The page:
Pinners Can Chat, But Are Kept On Topic

Pinterest has always had a reputation as one of the more sociable social networks. Without the constant one-upsmanship of Facebook or the vitriolic political dialogue swirling around Twitter, Pinners are happy to centre their digital lives around charmingly distressed end tables and room plans which maximise chi.
The site introduced the ability to send a pin last May, but there was no real way to reply on-site. To remedy that, yesterday Pinterest introduced a direct messaging feature. In addition to sending pins users can now reply with pins of their own or with text, and can hold conversations in groups of up to ten people.

It’s already one of the superior social messaging systems available, jumping ahead of Twitter’s antiquated DM mechanics and sidestepping the whole ‘separate app’ nonsense which Facebook has got itself mired in recently. Users can not only send and receive pins and messages within the chat function, but they can also interact with those pins – view the source, or pin it to their own boards – from within the conversation.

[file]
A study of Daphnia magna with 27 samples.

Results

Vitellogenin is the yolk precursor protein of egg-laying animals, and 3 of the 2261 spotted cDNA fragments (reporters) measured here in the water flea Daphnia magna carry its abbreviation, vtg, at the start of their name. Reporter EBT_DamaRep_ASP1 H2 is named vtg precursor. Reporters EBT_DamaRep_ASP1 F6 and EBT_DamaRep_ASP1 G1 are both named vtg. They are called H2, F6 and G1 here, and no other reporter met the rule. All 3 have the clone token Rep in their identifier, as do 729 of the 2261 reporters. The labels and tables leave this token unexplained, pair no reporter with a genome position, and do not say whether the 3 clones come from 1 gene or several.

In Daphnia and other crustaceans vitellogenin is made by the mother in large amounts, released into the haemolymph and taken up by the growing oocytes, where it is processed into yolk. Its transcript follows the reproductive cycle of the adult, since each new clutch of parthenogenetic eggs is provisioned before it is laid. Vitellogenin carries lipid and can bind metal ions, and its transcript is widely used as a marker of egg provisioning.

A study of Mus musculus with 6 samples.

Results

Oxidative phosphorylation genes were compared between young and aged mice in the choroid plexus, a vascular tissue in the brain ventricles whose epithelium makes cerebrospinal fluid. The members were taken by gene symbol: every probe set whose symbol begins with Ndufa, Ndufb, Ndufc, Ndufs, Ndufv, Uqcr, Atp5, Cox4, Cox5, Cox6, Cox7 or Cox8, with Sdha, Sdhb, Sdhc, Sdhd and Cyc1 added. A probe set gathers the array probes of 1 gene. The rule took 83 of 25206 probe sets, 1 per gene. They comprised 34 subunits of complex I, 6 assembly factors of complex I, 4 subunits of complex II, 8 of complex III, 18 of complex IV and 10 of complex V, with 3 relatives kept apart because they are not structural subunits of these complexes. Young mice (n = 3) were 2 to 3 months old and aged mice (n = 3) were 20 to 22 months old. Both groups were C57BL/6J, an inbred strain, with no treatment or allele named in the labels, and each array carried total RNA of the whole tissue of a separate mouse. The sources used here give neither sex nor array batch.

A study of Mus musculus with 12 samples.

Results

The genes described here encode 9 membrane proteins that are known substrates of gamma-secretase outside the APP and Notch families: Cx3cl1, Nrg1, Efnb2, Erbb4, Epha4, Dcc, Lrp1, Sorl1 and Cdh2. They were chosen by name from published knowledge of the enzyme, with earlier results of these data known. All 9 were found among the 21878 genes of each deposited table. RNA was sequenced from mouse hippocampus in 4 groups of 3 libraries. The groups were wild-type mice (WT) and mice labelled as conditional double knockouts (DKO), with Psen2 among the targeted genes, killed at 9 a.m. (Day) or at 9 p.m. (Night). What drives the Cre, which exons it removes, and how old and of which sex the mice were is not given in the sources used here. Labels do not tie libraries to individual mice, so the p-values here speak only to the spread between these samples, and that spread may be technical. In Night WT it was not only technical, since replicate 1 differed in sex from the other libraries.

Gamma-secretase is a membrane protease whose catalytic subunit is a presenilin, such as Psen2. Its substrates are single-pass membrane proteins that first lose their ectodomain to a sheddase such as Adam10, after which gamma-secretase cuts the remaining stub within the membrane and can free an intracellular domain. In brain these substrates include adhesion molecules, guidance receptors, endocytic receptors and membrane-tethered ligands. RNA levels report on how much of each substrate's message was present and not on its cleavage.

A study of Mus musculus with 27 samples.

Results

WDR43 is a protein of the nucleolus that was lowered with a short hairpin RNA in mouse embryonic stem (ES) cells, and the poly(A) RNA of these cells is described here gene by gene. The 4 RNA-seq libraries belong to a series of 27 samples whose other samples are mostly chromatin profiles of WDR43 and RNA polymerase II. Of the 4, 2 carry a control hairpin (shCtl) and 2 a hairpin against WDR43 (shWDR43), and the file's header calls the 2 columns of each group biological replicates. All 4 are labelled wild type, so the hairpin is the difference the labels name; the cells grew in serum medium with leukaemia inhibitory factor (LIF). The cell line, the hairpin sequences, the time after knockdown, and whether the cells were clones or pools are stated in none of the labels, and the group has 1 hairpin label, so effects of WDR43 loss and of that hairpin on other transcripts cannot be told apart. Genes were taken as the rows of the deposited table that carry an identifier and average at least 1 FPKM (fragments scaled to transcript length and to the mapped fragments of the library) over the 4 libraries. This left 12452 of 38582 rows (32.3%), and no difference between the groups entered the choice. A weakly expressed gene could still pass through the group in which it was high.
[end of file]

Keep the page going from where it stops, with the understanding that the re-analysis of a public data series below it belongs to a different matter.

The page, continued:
Pinterest itself says that the chat function is geared towards collaborative efforts; organising a trip or a party, for instance, where co-ordinating who is bringing or making what can get overwhelming. There’s no contact list, for instance: designer Tom Watson says that ‘it’s more of a conversation around an object than a quick hello.’ This is probably a smart move. There’s no sense in a site like Pinterest wading into the alreadyover-crowded messaging scene; far better to use the chat functionality as a way to improve the site, rather than use the site as a launchpad for an overdeveloped messaging service.

Pinterest’s business model has always rested on its strength as a platform for promoting and sharing products. Last year the site accounted for 3.68% of traffic to publishers – second only to Facebook, and more than Twitter, LinkedIn, Reddit, and Google+ combined. By ensuring that conversations on the site remain centred around pins and the accompanying products, they will maintain this commercial viability while also attracting new users to the site and ensuring that more interactions are kept in-site.

In a world where so many social media sites seem to be trying to be all things to all people – Facebook trying to turn into Amazon, Twitter trying to turn into a news site, Snapchat trying to turn into a messaging service/marketing tool – it’s refreshing to see a company with such a clear vision of their own purpose. By keeping a level head about the purpose of this new messaging service, Pinterest is holding true to Ron Swanson’s age-old advice: never half-ass two things; whole-ass one thing.

Douglas is an English Literature graduate who has written about everything from music to food to theatre, now a content creator for Social Media Frontiers. No topic too large or too small. Follow him @DouglasAtSMF.